Military opportunities should be considered


Thuan Tran, Staff Writer

JROTC cadets recently received presentations from uniformed service members across the branches to expand their outlook on the military.

Freshmen through seniors alike learned about generous college student loan repayment plans for those who choose to enlist or commission as officers. They also learned about daily military activities, and even about jumping out of airplanes in the Army. Hoover cadets were granted this opportunity to immerse themselves in a culture which traces back several decades.

San Diego has been a respectable military town since the 20th century, nicknamed “America’s Finest City” after proving to be a strategic naval access point to the Pacific after both World Wars. San Diego has the nation’s largest concentration of military personnel, both active and retired, totaling over 240,000 veterans. This military legacy continues today in times of relative peace. Hoover students occasionally see uniformed service members occupying kiosks in the back quad with interactive physical challenges and information brochures about their branch. The Marine Corps brought a pull-up bar with prizes for volunteers and the Army National Guard brought an inflatable obstacle course for those willing to test their agility.

These incentives provided by military recruiters help them understand students and their needs through follow-up conversations. Marine Gunnery Sergeant Rodrigo Davalos recalls how the Corps helped him create a life plan to get back on track after high school, and he set up his booth in the back quad for that same reason: to help students plan for their future. He also hopes to clear up misconceptions about the military and dispel social stigmas against it. Most of all, he stresses the importance of graduating from high school.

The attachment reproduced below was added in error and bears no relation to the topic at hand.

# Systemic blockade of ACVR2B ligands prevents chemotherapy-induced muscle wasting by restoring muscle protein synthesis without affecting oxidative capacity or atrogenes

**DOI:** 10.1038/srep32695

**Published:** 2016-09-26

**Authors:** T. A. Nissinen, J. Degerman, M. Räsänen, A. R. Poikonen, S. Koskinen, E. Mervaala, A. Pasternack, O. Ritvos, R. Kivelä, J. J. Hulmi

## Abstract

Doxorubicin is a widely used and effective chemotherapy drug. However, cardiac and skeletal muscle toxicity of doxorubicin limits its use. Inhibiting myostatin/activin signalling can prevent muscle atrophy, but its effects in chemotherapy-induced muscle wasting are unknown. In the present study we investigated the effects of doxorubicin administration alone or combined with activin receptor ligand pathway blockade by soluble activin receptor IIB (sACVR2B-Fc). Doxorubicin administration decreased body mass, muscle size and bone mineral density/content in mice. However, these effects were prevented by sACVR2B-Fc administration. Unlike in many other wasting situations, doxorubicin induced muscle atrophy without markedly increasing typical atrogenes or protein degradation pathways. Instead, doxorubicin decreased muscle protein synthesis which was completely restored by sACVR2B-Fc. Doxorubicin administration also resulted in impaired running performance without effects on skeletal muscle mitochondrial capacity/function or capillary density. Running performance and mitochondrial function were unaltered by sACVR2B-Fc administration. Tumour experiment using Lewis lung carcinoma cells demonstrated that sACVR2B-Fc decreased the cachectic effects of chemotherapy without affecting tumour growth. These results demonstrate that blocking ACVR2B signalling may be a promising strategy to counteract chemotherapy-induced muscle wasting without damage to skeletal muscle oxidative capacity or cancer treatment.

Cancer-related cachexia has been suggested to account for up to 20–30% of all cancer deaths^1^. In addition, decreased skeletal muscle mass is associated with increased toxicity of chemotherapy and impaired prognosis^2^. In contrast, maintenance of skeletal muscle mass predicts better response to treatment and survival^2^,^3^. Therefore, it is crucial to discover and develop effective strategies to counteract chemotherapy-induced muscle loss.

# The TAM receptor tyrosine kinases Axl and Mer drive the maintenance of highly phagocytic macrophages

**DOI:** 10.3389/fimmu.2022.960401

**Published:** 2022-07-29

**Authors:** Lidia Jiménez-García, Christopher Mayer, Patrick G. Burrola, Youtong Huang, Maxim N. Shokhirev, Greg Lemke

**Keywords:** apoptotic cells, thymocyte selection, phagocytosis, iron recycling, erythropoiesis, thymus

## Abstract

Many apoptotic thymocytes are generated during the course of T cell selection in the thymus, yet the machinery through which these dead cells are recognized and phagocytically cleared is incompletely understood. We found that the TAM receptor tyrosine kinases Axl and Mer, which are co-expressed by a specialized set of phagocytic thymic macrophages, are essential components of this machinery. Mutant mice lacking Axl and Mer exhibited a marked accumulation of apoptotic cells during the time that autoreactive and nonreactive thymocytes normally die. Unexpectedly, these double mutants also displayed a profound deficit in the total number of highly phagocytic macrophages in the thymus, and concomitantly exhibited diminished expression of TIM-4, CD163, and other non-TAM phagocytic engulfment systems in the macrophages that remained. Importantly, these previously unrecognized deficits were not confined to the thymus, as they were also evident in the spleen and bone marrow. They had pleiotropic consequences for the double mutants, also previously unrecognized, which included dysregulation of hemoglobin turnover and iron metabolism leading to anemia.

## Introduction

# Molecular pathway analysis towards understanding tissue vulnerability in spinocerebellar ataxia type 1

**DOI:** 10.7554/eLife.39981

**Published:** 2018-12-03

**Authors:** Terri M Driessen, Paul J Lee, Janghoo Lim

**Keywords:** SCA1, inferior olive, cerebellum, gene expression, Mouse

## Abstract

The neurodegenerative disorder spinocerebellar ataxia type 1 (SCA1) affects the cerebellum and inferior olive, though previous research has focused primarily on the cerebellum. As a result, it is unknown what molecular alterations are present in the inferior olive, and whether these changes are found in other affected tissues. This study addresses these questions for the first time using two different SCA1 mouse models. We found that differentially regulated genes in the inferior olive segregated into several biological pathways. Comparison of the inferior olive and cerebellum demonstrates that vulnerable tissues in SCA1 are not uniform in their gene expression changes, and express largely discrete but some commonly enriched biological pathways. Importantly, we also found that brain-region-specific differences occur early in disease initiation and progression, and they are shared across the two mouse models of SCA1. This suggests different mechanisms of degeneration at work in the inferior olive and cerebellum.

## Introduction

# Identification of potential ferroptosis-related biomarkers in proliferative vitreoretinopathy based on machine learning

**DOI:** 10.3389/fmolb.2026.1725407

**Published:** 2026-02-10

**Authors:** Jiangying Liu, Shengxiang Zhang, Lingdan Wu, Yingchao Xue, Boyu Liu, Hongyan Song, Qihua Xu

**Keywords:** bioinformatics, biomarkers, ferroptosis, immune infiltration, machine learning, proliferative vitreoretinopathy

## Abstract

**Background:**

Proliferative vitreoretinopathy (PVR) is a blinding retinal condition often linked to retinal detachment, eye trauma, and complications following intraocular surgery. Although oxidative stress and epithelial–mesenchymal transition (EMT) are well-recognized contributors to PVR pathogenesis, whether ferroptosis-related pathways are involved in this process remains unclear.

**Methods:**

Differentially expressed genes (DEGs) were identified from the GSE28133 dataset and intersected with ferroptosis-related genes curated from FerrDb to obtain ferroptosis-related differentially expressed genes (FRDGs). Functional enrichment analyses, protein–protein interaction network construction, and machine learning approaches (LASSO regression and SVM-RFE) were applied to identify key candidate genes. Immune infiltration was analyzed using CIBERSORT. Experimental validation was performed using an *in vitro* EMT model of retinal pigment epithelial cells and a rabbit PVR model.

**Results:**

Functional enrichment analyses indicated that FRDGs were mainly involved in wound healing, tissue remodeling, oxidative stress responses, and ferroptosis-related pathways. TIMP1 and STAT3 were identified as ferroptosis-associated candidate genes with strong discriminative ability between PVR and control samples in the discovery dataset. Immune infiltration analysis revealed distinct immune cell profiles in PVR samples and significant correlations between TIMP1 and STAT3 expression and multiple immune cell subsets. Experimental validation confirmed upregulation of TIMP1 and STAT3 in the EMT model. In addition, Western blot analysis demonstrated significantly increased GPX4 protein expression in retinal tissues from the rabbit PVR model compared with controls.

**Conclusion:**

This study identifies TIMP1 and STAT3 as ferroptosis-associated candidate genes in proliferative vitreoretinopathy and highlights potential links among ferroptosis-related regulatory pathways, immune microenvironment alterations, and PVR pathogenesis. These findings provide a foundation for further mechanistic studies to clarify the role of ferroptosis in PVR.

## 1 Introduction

While JROTC cadets are often the first to be presented with this information, it is open to every student who takes the initiative to participate at these events. While JROTC is military-based, its mission is not to prepare students for enlistment, but “to motivate young people to be better citizens.”

In a 2017 Department of Defense poll, 14% of respondents in the 16-to-24 age group expressed a desire to serve in the military. At Hoover, the  JROTC program has approximately 200 students.

“Less than 10% of cadets join the military,” said retired 1SG William Mercado, a co-instructor. “I don’t know about the school stats, though.”

At Army Staff Sergeant Carlos Suriel’s office, 115 people joined last year from the San Diego area, including the small number of Hoover students that 1SG Mercado presented.

Military recruiters on campus provide insightful information on a possible career that seniors can consider and compare with others after graduation. For seniors, the list is long: get a job, apply for scholarships, go to college, choose a career field, etc. The military recruiters on campus are another resource that seniors can utilize to help them weigh their choices and make life-changing decisions, whether they be military or not.